Work Phobia Seduces Students to Cheating in Higher Education

The clock strikes midnight, your forehead sweats and you slurp the last few drops of your energy drink. In eight hours your paper is due. You would have done it earlier, but there were those midterms, that party or maybe you just forgot.
There’s a business to help get you out of this situation. They write term papers for money. There is nothing illegal about it since the business is protected by free speech. You can call them up and for around $600 you can have them write your paper in as little as three hours. They even underline the key points in case someone asks too many questions, and they send it in early so that you can rewrite it to make it seem more like your own work.
It sounds morally reprehensible—because it is. The act of paying for your term paper spits in the face of anyone who has ever put their fingers to the keyboard and grinded out honest work. A vast majority of this business’s clientele are people who are too stupid to be in college. Others are people who have painted themselves in a corner and need a quick escape. Some are foreigners who just cannot write well in English, according to a former term paper artist who wrote about his experiences for the “The Smart Set.”
The people who write your essays see it as any other simple, rote task involved in a boring job. They do it just well enough so that they’re not told they are doing a crappy job. As Ron Livingston’s character in the movie “Office Space” put it, he only worked hard enough not to get hassled.
All this brings me to conclude that a large group of students are no better than the monkeys typing up term papers for money. Students tend to do the bare minimum to get through college without any thought toward higher learning. We make a special effort to learn as little as possible by cheating and cramming because college is an inconvenience that keeps us from making that six-figure income we all dream about.
It is easy to tell how desperate we are to do as little work as possible once midterms or finals roll around. The same broad and silly questions always come up such as: “How important is the reading?” Well, the professor is not assigning it for fun. We were supposed to be doing the reading the entire time. Today, it is almost a shock when the professor puts questions exclusively from the reading on the test, as if they have violated some bond of trust.
Here’s another common question: “Is this going to be curved?” When people ask this, they are not wondering if the test is going to be bell-curved; what they really want to know is whether or not their grades will be bumped up after the test, letting them know how much work they need to do prior to it. Cheating makes our lack of drive to do work obvious. However, not every act of cheating is as blatant a moral violation as paying for term papers. In the chemistry department, people find ways around doing the online homework. It is common to blow a small assignment off and get it from a friend later. Without CliffsNotes, a vast majority of us would have failed years ago considering we never bothered to read the original books.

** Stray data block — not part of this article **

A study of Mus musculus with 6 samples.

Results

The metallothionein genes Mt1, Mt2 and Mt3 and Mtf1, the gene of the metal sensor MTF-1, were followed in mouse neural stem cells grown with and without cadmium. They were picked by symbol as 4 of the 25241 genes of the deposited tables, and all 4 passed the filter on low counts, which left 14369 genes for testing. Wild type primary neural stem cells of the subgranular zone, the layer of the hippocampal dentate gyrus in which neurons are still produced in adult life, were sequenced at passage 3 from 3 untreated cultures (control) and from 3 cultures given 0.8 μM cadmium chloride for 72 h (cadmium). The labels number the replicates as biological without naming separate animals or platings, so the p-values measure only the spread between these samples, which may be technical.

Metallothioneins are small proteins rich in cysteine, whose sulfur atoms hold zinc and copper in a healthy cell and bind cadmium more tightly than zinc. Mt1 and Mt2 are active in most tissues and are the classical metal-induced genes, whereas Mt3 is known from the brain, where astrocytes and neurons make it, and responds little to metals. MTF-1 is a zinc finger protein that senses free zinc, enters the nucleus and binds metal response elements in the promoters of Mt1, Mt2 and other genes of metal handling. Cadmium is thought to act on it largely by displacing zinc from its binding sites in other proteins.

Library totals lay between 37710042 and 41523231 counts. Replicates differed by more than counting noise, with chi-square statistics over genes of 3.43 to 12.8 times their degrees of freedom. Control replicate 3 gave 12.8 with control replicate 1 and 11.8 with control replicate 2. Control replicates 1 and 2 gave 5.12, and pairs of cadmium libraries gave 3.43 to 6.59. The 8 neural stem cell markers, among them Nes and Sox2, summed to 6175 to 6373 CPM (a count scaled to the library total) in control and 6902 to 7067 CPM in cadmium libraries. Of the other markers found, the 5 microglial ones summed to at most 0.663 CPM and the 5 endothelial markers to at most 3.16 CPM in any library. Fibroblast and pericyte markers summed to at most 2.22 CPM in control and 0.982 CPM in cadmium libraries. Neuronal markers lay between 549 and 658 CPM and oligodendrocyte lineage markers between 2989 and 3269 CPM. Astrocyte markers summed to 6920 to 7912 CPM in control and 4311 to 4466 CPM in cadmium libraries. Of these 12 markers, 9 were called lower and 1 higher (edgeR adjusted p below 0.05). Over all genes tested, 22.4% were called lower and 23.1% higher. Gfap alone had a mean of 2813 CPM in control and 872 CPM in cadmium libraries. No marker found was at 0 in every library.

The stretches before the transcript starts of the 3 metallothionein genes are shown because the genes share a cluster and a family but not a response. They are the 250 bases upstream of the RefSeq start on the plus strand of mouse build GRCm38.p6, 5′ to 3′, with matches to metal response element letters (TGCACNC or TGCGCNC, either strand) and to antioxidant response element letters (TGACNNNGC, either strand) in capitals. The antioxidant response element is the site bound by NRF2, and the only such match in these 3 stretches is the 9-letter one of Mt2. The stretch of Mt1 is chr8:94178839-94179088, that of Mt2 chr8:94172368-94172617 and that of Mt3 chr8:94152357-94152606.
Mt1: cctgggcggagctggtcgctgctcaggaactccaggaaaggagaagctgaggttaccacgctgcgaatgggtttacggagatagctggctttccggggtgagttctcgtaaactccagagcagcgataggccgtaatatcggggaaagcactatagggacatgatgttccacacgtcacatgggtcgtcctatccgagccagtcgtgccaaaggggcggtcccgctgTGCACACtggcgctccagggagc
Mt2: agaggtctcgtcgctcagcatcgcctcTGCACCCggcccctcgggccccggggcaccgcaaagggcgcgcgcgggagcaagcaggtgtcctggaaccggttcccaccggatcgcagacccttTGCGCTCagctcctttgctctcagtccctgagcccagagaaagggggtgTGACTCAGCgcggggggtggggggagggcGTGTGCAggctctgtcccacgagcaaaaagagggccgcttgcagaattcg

There are still those students who want to go to graduate school. Surely at least they are interested in higher learning. Some of them are, but a majority probably sees graduate school as the same inconvenience as college and high school. Yes, in college they strive for excellence, straight A’s and extracurricular activities, but they do it only to get to the next level.
There are exceptions as to why students try to do as little work as possible. Some have tight schedules due to familial or financial obligations and are forced to carefully manage their time. These people haven’t had the opportunity to work as little as possible and the path they would take, if given the choice, cannot be determined.
The results of choosing the path with the least resistance are unfortunate. We have all interacted with someone on campus or heard them shout a question in class and wondered how the hell they made it to the same school as us. The other obvious consequence is that we turn to term paper factories that do our work for a fee. These acts of cheating are not a cause of our lack of work, but a symptom of our aversion to getting our hands dirty and throwing ourselves completely into something.

Kevin Pease is a fourth-year psychology and social behavior major. He can be reached at kpease@uci.edu.